In this week’s Torah portion, we read the tochacha, a grim litany of frightening curses that Hashem promises will befall the nation if they stray from Him. The Torah also outlines the tochacha in the parsha of Bechukosai at the end of Leviticus. There, too, the Torah elaborates on the outpouring of wrath and the chilling punishments that will afflict the Jewish people should they abandon the Torah.
However, there are significant differences between the two portions. Most interestingly, the conclusion of the tochacha in Bechukosai ends on a positive note with the words of consolation, “I will remember for them my covenant with Yaakov and my covenant with Yitzchok and my covenant with Avraham, and I will remember the land”. However, the tochacha in this week’s Torah portion ends off on a calamitous note: “You will be offered as slaves to your enemies yet – but no one will even want to buy you.”
The Zohar, commenting on the difference between the concluding notes in the two parshios, explains that the tochacha in Bechukosai addresses a specific failure distinctly different from the one in Ki Savo. There, Hashem is responding to our callous indifference to Him, described as “walking with Him “b’keri” -casually. “If you walk with me casually, I in turn will treat you casually,” Hashem warns us. My relationship to you, says Hashem, will reflect your relationship to Me. If you show no concern for my commandments, I will show no concern for your needs!
In this weeks tochacha, however, we find the expression, Hashem will smite you. This choice of words signifies the fact that Hashem Himself will dispense the punishment-as opposed to abandoning the Jewish people to the whims and cruelties of their enemies-will offer a measure of comfort and consolation.
I once asked my Rebbe, the Nesivos Sholom of blessed memory: Who is in a worse position, an individual who is so immersed in material indulgences that he totally neglects his spiritual obligations, or one who is skeptical, agnostic and constantly locked in philosophical battle with his Creator? He told me that the former has sunk to a lower level, for although he is not directly defiant, he is prone to wander further from his moorings and completely lose sight of his purpose in the world.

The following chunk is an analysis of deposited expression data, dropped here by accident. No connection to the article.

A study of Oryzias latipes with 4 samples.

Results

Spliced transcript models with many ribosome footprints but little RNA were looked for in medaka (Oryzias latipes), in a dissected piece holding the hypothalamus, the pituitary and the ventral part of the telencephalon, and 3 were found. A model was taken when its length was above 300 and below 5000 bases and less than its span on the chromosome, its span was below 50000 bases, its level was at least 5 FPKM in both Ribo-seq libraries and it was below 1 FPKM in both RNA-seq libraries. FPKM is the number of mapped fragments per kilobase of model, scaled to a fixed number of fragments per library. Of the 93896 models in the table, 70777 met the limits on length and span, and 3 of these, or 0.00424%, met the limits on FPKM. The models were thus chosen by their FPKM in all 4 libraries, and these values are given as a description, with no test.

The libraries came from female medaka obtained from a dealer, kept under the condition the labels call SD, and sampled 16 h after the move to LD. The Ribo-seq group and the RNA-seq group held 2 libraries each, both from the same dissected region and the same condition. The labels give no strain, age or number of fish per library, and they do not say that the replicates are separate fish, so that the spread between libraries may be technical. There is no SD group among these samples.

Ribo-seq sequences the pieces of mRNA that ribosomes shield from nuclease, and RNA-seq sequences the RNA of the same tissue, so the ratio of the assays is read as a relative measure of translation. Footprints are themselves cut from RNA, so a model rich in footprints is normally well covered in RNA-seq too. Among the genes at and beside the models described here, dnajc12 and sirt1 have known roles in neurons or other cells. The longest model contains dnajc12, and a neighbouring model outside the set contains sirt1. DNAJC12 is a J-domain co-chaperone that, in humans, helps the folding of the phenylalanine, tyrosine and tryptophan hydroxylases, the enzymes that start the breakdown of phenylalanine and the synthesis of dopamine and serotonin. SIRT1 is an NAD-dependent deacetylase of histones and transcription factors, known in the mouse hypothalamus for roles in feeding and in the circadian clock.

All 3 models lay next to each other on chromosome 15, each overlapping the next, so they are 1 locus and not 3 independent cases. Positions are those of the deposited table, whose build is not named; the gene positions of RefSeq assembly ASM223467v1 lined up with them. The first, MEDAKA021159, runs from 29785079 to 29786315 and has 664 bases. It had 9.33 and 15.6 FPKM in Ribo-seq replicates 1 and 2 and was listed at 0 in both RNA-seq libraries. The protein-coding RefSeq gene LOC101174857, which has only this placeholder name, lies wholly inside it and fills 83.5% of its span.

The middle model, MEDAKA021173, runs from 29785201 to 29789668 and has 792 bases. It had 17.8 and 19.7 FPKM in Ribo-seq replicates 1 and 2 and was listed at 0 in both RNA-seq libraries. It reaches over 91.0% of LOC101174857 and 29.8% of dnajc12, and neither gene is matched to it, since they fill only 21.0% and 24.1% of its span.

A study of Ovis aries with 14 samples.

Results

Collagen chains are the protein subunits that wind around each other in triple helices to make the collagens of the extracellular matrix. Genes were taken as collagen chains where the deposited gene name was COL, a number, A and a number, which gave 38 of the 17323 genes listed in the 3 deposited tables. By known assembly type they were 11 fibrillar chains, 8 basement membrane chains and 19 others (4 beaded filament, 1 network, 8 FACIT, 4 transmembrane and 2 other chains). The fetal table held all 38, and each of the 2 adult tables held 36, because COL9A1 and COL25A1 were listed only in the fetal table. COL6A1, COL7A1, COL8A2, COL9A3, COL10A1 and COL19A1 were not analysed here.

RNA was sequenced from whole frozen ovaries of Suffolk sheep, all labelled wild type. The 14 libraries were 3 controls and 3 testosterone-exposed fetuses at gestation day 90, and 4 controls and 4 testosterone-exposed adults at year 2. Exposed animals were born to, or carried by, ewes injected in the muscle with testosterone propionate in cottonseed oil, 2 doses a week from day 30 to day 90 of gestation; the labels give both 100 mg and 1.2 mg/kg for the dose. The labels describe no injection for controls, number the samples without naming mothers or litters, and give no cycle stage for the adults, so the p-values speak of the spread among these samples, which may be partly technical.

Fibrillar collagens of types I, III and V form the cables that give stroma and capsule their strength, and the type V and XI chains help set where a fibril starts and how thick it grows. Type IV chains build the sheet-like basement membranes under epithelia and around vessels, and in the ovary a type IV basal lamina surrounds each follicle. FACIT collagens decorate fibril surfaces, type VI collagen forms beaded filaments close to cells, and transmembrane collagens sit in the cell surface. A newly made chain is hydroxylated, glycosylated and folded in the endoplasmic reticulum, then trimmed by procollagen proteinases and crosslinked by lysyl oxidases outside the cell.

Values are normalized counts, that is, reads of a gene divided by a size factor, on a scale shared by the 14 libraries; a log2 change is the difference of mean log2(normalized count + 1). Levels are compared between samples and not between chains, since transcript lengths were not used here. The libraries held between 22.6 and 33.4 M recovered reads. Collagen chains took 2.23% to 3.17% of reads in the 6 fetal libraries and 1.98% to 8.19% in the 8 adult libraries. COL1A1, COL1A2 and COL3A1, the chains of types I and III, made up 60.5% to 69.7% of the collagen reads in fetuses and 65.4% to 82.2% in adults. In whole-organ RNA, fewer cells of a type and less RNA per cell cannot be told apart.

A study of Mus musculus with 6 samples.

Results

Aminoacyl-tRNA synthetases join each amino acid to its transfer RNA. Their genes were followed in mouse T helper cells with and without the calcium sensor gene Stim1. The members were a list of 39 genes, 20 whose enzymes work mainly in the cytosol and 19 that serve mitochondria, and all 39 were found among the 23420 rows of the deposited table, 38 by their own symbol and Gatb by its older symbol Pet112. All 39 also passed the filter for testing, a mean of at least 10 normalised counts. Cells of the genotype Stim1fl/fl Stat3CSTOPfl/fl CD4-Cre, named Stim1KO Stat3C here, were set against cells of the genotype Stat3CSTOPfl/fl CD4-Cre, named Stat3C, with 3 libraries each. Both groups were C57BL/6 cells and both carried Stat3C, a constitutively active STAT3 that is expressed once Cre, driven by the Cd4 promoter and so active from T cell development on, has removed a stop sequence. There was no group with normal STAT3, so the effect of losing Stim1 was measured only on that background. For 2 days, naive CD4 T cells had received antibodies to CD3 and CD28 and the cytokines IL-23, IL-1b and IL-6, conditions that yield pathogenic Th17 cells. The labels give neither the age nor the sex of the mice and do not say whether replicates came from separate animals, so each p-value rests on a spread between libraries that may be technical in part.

On the other hand, one who is rebellious and angry with Hashem is at least engaged in some form of dialogue, and subliminally acknowledges His Creator.
Perhaps this is Zohar’s meaning. The tochacha in Bechukosai reflects the one who walks with Hashem casually, completely forgetting his father in Heaven as he immerses himself in a materialistic and narcissistic life. To such a person, the Torah first outlines the frightening consequences of his heedless way of life, and then offers the reassurance that although the person will have drifted far from his legacy, he will ultimately remember his rich ancestral roots and will be assisted from Above on his journey “homeward.”
However, the tochacha in Ki Savo refers to those who openly rebel against Hashem, embracing false gods and the popular “isms” of the day. In response to Klal Yisroel’s abdication of their special relationship with their Creator, Hashem smites back with relentless force. Embedded in His “retaliation,” however, are the seeds of comfort arising from the realization that Hashem is not “finished” with us. No matter how blindly defiant and disloyal we are, Hashem will never sever His relationship with us; by afflicting us with hardships, exile and suffering, he will force us to turn back to Him.
In our own lives, we are often confronted with stormy relationships that result in acrimonious interaction. Nevertheless, as long as we keep the lines of communication open and maintain some form of dialogue, we can work on keeping alive a sense of mutual respect and brotherhood. It is only when we throw the relationship overboard and completely write one another off that hope for reconciliation dies, leaving both sides poorer.
Have a good Shabbos, Rabbi Naftali Reich Text Copyright © 2014 by Rabbi Naftali Reich and Torah.org.
Rabbi Reich is on the faculty of the Ohr Somayach Tanenbaum Education Center.